Former assistant U.S. college football coach Jerry Sandusky has been sentenced to 30 to 60 years in prison after being found guilty earlier this year of sexually abusing young boys.
The sentence, handed down by a Pennsylvania judge Tuesday, means the 68-year-old retired Pennsylvania State University assistant coach will likely spend the rest of his life behind bars.
The ruling comes more than three months after a jury convicted Sandusky on 45 counts of child sex abuse for molesting 10 boys over 15 years.
Prosecutors say Sandusky met many of his accusers through a charity he founded for troubled kids, with some of the abuse occurring in Penn State facilities.
Both Sandusky and several of his victims made statements during Tuesday's hearing.
The former coach has repeatedly maintained his innocence, and on Monday he released an audio statement on Penn State's student radio station in which he denied doing what he described as "these alleged disgusting acts."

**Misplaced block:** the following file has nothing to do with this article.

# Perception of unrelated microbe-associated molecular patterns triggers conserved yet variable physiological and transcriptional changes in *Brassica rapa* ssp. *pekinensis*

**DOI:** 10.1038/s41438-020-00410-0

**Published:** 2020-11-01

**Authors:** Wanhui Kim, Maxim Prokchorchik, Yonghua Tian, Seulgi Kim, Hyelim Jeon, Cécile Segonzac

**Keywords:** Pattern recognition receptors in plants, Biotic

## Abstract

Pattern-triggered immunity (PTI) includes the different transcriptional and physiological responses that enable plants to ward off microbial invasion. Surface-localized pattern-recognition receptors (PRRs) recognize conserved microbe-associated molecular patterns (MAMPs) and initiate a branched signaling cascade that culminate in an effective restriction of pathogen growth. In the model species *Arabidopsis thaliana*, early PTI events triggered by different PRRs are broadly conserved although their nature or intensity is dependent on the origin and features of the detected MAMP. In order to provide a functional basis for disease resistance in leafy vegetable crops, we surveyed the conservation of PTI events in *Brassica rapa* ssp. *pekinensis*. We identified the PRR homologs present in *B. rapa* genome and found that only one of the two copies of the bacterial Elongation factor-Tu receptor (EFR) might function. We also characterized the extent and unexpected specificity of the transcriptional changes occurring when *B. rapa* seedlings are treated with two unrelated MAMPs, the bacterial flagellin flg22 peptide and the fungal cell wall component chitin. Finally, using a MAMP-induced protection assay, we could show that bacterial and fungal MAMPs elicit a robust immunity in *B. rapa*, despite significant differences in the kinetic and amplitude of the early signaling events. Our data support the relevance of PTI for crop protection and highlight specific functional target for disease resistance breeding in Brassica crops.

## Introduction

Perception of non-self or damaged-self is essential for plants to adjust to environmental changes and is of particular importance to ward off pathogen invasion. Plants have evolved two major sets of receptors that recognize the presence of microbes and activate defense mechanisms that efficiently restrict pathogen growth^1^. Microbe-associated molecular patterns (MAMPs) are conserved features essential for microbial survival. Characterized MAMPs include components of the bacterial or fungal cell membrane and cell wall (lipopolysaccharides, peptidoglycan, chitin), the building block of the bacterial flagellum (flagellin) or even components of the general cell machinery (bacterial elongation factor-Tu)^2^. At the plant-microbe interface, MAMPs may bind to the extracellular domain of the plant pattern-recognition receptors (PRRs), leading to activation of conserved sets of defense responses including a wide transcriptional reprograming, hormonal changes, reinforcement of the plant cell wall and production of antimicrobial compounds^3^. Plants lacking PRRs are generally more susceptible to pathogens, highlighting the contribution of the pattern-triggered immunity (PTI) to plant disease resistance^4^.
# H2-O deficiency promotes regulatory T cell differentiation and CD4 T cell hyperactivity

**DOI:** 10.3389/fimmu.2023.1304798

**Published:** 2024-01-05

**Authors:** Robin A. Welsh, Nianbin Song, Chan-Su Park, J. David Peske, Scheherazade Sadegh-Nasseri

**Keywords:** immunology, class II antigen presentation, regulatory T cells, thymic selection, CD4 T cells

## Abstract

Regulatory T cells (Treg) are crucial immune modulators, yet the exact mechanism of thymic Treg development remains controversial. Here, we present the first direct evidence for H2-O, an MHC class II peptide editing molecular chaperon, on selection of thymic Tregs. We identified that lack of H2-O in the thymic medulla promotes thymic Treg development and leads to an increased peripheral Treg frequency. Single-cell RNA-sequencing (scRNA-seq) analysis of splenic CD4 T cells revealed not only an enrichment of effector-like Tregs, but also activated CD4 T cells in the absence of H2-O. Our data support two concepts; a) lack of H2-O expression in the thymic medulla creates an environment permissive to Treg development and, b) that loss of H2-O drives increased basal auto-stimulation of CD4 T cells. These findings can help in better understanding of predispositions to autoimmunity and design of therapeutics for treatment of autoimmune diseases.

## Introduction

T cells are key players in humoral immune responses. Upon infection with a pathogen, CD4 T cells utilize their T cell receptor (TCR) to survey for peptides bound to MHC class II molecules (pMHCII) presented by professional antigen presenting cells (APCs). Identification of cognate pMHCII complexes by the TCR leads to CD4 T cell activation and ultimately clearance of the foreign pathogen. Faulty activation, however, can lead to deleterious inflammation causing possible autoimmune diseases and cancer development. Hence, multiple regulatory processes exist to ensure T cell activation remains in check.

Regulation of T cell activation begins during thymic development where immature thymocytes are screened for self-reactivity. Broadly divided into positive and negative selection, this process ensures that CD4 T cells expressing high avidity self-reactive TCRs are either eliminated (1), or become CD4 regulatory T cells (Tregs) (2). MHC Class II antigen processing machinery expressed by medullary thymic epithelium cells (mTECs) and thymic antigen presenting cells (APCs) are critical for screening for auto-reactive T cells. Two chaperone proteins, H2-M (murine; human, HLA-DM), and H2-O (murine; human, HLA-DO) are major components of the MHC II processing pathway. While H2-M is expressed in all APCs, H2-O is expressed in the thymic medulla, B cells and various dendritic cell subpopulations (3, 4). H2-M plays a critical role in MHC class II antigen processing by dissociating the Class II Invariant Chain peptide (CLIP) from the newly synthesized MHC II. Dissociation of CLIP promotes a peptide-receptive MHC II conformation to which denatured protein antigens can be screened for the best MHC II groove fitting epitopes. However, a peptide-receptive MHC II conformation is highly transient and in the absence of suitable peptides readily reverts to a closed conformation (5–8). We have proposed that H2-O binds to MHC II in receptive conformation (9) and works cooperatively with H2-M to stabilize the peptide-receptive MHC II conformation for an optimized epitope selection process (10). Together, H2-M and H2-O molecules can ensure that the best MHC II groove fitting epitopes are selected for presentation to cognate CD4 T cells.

The allegations against Sandusky sent shock waves through the Penn State community and across the country when they surfaced last November. The scandal led to the firing of iconic Penn State head football coach Joe Paterno and university president Graham Spanier.
Paterno, who died of lung cancer earlier this year, was fired for failing to take tougher action after a graduate assistant told him he saw Sandusky sexually assaulting a 10-year-old boy in a locker room shower. Paterno was criticized for not informing outside authorities about the incident, although he informed the school's athletic director and a university vice president.
The Sandusky case is one of several child sex abuse scandals in recent years involving authority figures in well-respected institutions. Reports of sexual abuse by Catholic clergy began surfacing a decade ago in the United States and Europe. Victims groups say the church paid little attention to decades of priests' sexual and physical abuse of children and tried to protect the guilty.
Just last month, the Los Angeles Times reported that over 20 years, the Boy Scouts of America failed to report hundreds of suspected child molesters to police and often helped cover up the allegations.